By David Sterman
I was talking with a colleague a few weeks ago and she wondered aloud whether the economic and political chaos in Italy -- mainly the result of Europe's ongoing sovereign debt crisis -- was creating an opening for bargain-hunting investors. After all, we're talking about the fourth-largest economy in Europe (after Germany, France and the U.K.), an economy that has a fairly impressive industrial base. My initial thought was to steer clear as the open-ended economic crisis in the region could really hurt Italy in 2012, as the county enacts a set of belt-tightening moves. But if you are a regular reader of my articles, then you know I'm an assiduous bargain hunter.
So I decided to dig deeper.
Indeed, Italy's economic woes merit investors' attention. At least the iShares MSCI Italy Index Fund (NYSE: EWI) does. The fund holds a basket of Italy's top companies, many of which can be trusted to deliver steady results in any economic climate.
But because this fund is down from $20 to $12 this year, and down from $35 at the end of 2007 many may think its holdings are in deep trouble. This is not the case. For example, 22% of the fund is invested in Eni (NYSE: E), which is sort of the "ExxonMobil of Italy." Eni's performance is a lot more beholden to oil prices, which are quite firm, than any Italian economic trends. The oil giant generates about $145 billion in annual sales and typically earns about $5 per American depositary receipt (ADR).
In fact, Eni has little to do with Italy in terms of either revenue or expenses. This is a company with a strong presence in Europe, Asia, Oceania, Africa and the Americas, a true multinational. As Morningstar recently noted, "Eni stands out from many much-larger global integrated oil peers ... because of strong diplomatic ties forged by management. This allows the company to operate more effectively in difficult markets such as North Africa, the Middle East and Russia, and is well illustrated by the fact that Eni is the largest international oil and gas producer in Africa." Morningstar's analysts say that shares, trading at a recent $41, are worth $65.
The EWI's second-largest position is in ENEL, which comprises 12% of the fund. ENEL is one of Europe's largest utilities, with operations in a number of countries. As with all other utilities, ENEL has a guaranteed rate of return on a cost-plus basis. Its operating margin has never wavered from the 15% to 18% range in the past eight years, and there's no reason to expect this to change.
But here's where things get a bit tricky. The third- and fourth-largest holdings are in a pair of banks -- Intesa SanPaolo (OTCPK:ISNPY) and UniCredit (OTCPK:UNCFF). Taken together, they comprise about 13% of the fund. How will these banks fare in the current crisis? Nobody knows, but it's instructive that Italy's new political leadership is focusing on austerity measures and not seeking to fix the debt problem by welching on loans. To be sure, these banks may post weak results for the next year or two as the Italian economy weakens further, but barring any change in policy that leads to loan write-offs, these banks could represent deep-value plays once the crisis has passed. Their shares have fallen 50% or more from their 52-week highs and now trade well below tangible book value.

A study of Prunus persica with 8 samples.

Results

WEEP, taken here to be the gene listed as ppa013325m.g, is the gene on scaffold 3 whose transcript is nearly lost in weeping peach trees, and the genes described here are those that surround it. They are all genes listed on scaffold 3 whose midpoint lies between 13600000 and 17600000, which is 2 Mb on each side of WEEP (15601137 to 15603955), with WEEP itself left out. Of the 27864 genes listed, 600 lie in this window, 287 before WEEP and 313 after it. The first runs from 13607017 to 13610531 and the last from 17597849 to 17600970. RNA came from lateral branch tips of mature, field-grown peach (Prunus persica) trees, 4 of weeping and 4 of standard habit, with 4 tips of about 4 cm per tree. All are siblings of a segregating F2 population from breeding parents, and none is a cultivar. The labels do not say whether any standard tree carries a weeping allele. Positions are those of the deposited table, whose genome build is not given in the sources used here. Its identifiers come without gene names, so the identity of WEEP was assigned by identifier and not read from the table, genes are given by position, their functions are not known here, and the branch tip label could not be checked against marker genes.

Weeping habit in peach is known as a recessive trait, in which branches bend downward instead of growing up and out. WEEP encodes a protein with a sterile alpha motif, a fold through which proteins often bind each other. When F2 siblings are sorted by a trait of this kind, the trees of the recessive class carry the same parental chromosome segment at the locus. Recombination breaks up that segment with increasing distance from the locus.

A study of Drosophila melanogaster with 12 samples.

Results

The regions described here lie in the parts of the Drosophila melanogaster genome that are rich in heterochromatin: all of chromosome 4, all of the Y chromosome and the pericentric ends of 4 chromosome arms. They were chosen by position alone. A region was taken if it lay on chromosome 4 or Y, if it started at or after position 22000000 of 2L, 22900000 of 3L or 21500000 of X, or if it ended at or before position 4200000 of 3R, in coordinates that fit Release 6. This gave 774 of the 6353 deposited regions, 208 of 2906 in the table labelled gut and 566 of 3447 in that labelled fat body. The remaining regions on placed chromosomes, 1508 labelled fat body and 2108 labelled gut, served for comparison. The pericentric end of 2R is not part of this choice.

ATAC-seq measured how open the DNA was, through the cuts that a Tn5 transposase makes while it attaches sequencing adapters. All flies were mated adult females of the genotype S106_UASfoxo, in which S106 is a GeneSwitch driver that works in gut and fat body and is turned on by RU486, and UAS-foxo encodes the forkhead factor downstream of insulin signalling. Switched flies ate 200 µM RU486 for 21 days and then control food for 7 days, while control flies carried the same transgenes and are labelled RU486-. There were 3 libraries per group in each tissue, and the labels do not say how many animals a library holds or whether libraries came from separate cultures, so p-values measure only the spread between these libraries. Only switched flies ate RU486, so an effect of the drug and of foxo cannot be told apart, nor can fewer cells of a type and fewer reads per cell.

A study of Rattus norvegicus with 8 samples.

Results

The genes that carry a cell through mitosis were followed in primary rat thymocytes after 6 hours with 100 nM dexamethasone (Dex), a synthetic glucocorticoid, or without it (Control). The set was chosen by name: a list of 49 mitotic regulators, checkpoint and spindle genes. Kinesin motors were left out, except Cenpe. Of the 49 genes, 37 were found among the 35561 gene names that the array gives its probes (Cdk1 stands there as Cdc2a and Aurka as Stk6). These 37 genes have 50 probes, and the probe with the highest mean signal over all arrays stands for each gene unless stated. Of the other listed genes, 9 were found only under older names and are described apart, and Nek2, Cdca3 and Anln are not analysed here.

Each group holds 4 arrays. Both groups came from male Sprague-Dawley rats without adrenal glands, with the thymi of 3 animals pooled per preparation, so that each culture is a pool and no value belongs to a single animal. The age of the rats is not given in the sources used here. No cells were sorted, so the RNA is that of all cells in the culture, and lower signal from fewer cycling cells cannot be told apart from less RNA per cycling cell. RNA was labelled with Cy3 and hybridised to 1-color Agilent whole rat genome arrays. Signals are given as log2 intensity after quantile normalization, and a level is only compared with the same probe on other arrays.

Moving further down the list are holdings such as Telecom Italia (NYSE: TI), tire maker Pirelli, eyewear purveyor Luxottica (NYSE: LUX) and automaker Fiat (OTCPK:FIATY). A slowing European economy will likely dampen results in 2012 for these firms, which the plunging share price for this fund already appears to anticipate.
As we saw in the United States in late 2008 and early 2009, it's darkest before the dawn, so turning aggressive when the news appears to be extremely bleak can make for a profitable trade for long-term investors. Italy has myriad problems, but remains as one of the most dynamic hosts of industrial firms in Europe and elsewhere. The fact that the euro is trading at multiyear lows against the dollar, the yen and the yuan should make Italy's industrial base that much more competitive.
Risks to Consider: This is an intriguing set up, but it pays to watch events in the next week or two before making a move. The fund is unlikely to quickly surge in value, so you can exercise patience before making a move.
Action to Take --> Jumping into Italian stocks after a sharp sell-off looks to be a wise long-term play. But you can't ignore the risk that economic conditions could spiral even lower before they improve. As a result, a paired trade would be ideal to protect yourself in terms of potential downside. A short position in the PowerShares DB 3x Italian Treasury Bond ETN (Nasdaq: ITLT) off-setting a long position in the Italy fund may be the best play. When a solution to the economic crisis finally comes into focus, the equity fund is likely to appreciate much more robustly than the short position in the bond fund is to depreciate.
Disclosure: Neither David Sterman nor StreetAuthority, LLC hold positions in any securities mentioned in this article.